Food and nutrient intake and adherence to dietary recommendations during pregnancy: a Nordic mother–child population-based cohort

  • Carina Madelen Saunders
  • Eva Maria Rehbinder
  • Karin C. Lødrup Carlsen
  • Malén Gudbrandsgard
  • Kai-Håkon Carlsen
  • Guttorm Haugen
  • Gunilla Hedlin
  • Christine Monceyron Jonassen
  • Katrine Dønvold Sjøborg
  • Linn Landrø
  • Björn Nordlund
  • Knut Rudi
  • Håvard O. Skjerven
  • Cilla Söderhäll
  • Anne Cathrine Staff
  • Riyas Vettukattil
  • Monica Hauger Carlsen
Keywords: Nutrients, dietary intake, nordic diet, fetal programming, food intake, nutritional recommendations


Background: A woman’s food intake during pregnancy has important implications not only for herself but also for the future health and well-being of her child. Suboptimal dietary quality has been consistently reported in many high-income countries, reflecting poor adherence to dietary guidelines.

Objective: This study aimed to explore the intake of food and nutrients in a cohort of pregnant women in Norway and their adherence to Nordic Nutrition Recommendations (NNR) and Norwegian food-based guidelines (NFG).

Design: We investigated the dietary intake in 1,674 pregnant women from the mother–child birth cohort, PreventADALL, recruited at approximately 18-week gestational age. Dietary intake was assessed by an electronic validated food frequency questionnaire (PrevFFQ) in the first half of pregnancy.

Results: Total fat intake was within the recommended intake (RI) range in most women; however, the contribution of saturated fatty acids to the total energy intake was above RI in the majority (85.2%) of women. Carbohydrate intake was below RI in 43.9% of the women, and 69.5% exceeded the RI of salt. Intakes of fiber, vegetables, and fish were high in a large part of the population. Many women had a high probability of inadequate intakes of the following key micronutrients during pregnancy: folate (54.4%), iron (49.6%), calcium (36.2%), vitamin D (28.7%), iodine (24.4%), and selenium (41.3%). A total of 22.8% women reported an alcohol intake of >1 g/day, and 4.4% reported an alcohol intake of >10 g/day. Women with higher educational levels showed a tendency towards healthier eating habits, except for higher intakes of alcohol and coffee, compared to women with lower educational level.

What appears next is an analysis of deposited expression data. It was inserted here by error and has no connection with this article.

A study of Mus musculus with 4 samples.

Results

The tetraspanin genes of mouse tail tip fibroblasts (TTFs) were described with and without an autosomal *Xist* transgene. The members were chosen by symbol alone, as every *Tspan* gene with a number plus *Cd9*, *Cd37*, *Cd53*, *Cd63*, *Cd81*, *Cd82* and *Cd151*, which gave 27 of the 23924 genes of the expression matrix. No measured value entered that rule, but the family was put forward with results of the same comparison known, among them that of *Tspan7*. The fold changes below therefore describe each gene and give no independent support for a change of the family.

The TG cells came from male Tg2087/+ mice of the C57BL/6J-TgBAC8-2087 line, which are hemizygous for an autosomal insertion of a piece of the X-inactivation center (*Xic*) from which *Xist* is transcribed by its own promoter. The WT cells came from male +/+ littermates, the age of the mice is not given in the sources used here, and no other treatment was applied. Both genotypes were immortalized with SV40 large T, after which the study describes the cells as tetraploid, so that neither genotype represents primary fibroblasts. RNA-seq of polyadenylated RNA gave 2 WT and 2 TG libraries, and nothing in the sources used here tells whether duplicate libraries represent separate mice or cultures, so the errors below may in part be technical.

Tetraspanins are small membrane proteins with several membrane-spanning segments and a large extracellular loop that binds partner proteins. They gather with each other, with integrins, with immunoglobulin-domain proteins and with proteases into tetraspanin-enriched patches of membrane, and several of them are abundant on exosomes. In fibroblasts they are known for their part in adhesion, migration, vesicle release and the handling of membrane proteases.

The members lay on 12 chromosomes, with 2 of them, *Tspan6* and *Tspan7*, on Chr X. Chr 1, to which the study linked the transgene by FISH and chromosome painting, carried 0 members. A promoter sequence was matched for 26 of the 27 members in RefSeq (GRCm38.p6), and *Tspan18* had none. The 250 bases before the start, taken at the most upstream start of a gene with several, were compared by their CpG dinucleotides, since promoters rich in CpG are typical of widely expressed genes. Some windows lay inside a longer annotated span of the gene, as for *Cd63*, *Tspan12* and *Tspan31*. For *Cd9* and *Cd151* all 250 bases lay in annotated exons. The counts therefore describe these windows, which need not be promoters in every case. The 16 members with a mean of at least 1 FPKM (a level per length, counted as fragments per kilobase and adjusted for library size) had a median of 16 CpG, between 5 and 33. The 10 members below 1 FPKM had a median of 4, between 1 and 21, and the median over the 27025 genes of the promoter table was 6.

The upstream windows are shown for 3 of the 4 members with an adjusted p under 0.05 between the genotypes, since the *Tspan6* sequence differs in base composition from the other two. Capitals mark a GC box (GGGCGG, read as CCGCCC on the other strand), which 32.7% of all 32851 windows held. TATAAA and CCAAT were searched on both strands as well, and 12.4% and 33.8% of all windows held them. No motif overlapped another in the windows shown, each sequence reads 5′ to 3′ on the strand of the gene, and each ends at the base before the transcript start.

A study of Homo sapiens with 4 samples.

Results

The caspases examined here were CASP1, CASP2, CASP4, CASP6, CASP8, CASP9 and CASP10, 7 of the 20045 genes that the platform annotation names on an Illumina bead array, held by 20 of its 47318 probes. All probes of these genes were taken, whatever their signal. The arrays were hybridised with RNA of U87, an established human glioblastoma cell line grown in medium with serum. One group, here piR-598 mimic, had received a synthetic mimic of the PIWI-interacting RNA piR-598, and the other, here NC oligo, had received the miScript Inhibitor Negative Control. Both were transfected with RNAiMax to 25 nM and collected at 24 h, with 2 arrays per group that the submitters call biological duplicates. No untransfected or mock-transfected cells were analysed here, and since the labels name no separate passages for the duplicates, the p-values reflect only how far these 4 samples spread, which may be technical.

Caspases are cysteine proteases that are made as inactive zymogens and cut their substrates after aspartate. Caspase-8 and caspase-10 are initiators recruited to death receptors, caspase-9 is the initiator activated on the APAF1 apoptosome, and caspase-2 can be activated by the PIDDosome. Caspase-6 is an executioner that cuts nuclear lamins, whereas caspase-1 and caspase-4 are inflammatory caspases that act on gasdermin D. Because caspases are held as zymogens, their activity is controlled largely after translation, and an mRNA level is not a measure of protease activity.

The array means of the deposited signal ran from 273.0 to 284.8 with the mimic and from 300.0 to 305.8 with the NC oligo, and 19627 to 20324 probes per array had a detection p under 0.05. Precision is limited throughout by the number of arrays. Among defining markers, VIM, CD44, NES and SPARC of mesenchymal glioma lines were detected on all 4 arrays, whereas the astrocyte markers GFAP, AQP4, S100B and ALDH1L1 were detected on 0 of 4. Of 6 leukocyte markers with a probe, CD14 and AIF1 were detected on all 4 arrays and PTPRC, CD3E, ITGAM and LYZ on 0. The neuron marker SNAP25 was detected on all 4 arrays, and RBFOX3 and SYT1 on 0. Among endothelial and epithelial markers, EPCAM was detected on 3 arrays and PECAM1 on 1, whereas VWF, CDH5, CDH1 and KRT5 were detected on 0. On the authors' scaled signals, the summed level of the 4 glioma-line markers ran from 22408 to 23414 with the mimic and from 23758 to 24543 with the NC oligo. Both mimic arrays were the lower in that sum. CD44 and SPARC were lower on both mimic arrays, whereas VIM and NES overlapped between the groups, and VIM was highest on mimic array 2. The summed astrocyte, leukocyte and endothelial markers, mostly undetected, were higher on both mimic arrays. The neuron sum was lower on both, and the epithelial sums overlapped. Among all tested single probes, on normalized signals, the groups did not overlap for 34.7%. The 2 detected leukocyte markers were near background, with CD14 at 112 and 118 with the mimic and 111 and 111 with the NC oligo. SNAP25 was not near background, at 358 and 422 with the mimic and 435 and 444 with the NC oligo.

Discussion: Excessive saturated fat intake and limited intake of many important micronutrients during pregnancy were common, potentially increasing the risk for adverse pregnancy and birth outcomes.

Conclusions: This study highlights the need for improved nutritional guidance to pregnant women across all educational levels.


Saunders C. M., Rehbinder E. M., Lødrup Carlsen K. C., Gudbrandsgard M., Carlsen K.-H., Haugen G., Hedlin G., Monceyron Jonassen C., Dønvold Sjøborg K., Landrø L., Nordlund B., Rudi K., Skjerven H. O., Söderhäll C., Staff A. C., Vettukattil R., & Hauger Carlsen M. (2019). Food and nutrient intake and adherence to dietary recommendations during pregnancy: a Nordic mother–child population-based cohort. Food & Nutrition Research, 63.